After conducting a comprehensive inspection of butcher shops nationwide, it became apparent that the hygienic conditions of the meat being sold were far from satisfactory.
In response to these concerns, UNBS has introduced a series of stringent measures for butchers to follow, with the primary objective of improving public health and safety. This initiative was officially launched during a hygiene standards sensitization meeting with all butcher shop owners in Kampala.
All butchers in Uganda are now mandated to comply with “US 736: 2019 Hygienic Requirements for Butcheries.” This document outlines the essential hygiene standards that must be met within their premises.
Rehema Meeme, a Standards Officer at UNBS, stressed that this move aligns with UNBS’s core mission of ensuring the protection of public health, safety, and the environment against dangerous and substandard products.
The central goal is to ensure the quality and safety of meat and related products, ultimately safeguarding the well-being of Ugandan consumers.
The inspections revealed numerous violations of standards, including the inappropriate proximity of butcher shops to other establishments, inadequate sanitary facilities, and concerns regarding the use of pesticides and chemicals.
To ensure the effective implementation of these measures, UNBS will conduct comprehensive training programs for butchers and individuals involved in the meat industry nationwide.
Awath Aburu, another Standards Officer at UNBS, provided further insights into the requirements outlined in the standards. Butchers and shop owners are now obligated to strictly adhere to general standards and guidelines.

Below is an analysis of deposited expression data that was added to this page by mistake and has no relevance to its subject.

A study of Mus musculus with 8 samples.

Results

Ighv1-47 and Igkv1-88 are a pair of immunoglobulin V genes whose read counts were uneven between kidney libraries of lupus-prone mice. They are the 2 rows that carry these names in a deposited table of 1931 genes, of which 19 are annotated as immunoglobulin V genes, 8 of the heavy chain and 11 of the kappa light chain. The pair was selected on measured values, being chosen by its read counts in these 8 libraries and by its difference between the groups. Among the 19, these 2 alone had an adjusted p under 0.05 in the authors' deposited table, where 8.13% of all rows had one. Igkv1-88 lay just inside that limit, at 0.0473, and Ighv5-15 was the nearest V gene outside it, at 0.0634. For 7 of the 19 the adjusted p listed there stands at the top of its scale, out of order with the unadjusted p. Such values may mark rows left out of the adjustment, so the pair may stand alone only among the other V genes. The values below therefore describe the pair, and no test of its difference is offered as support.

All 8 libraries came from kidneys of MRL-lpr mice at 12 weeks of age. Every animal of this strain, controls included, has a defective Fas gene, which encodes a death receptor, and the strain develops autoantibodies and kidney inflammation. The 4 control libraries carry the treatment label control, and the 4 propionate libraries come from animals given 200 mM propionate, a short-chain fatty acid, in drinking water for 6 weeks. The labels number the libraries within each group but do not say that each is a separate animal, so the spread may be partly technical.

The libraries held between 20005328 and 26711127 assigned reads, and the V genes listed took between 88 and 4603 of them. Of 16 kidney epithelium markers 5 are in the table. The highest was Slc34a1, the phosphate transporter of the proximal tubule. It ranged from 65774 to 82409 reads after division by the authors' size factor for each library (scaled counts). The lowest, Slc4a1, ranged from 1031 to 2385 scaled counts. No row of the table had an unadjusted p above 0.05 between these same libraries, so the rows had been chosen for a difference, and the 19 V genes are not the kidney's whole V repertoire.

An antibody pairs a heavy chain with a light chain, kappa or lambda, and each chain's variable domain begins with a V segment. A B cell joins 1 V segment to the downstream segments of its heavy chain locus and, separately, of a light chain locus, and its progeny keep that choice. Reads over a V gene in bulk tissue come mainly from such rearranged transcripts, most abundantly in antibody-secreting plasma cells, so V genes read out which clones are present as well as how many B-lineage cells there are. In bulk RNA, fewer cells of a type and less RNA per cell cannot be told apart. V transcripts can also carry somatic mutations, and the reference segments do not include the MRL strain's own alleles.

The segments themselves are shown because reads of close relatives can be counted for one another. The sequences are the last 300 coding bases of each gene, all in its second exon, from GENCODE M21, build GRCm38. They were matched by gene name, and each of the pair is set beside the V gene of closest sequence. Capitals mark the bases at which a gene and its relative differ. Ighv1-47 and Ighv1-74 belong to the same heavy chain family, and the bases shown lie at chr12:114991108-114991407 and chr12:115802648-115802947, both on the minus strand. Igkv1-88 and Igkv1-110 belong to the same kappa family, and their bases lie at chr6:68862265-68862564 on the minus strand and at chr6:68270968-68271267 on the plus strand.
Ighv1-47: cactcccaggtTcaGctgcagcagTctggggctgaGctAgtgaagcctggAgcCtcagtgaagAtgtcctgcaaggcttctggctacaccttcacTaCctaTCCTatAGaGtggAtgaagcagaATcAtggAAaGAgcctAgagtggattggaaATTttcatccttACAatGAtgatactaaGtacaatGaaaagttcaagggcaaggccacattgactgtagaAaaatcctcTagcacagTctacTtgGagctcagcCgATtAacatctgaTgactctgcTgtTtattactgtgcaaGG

This includes possessing occupation permits for their premises, holding valid trading licenses, and maintaining on-site first-aid kits. They must also sell only hygienic meat and meat products while employing appropriate insect traps and screens.
The standards also provide detailed instructions for the construction of butcher shops, emphasizing the use of smooth and easily cleaned food-grade surfaces. They also call for separate areas for offal and other meats and the use of shatterproof or hardened translucent plastic barriers.
In terms of personal hygiene, the standards mandate that personnel must maintain cleanliness and regular bathing before handling meat. They must wear complete and clean personal protective gear and be medically fit for their duties.
Furthermore, the standards regulate operations within butcher shops, requiring that meat for sale be displayed on hooks inside the shops, with meat from different animal species displayed separately.
Transportation of meat is also addressed, necessitating clean, fly-proof, cold, and closed vessels with non-absorbent surfaces. Vehicles used for meat transportation must also be inspected and approved by a competent authority.
UNBS’s proactive approach to enhancing meat quality in Uganda is poised to make a significant difference in the lives of Ugandan consumers, ensuring safer and more hygienic meat products in the market.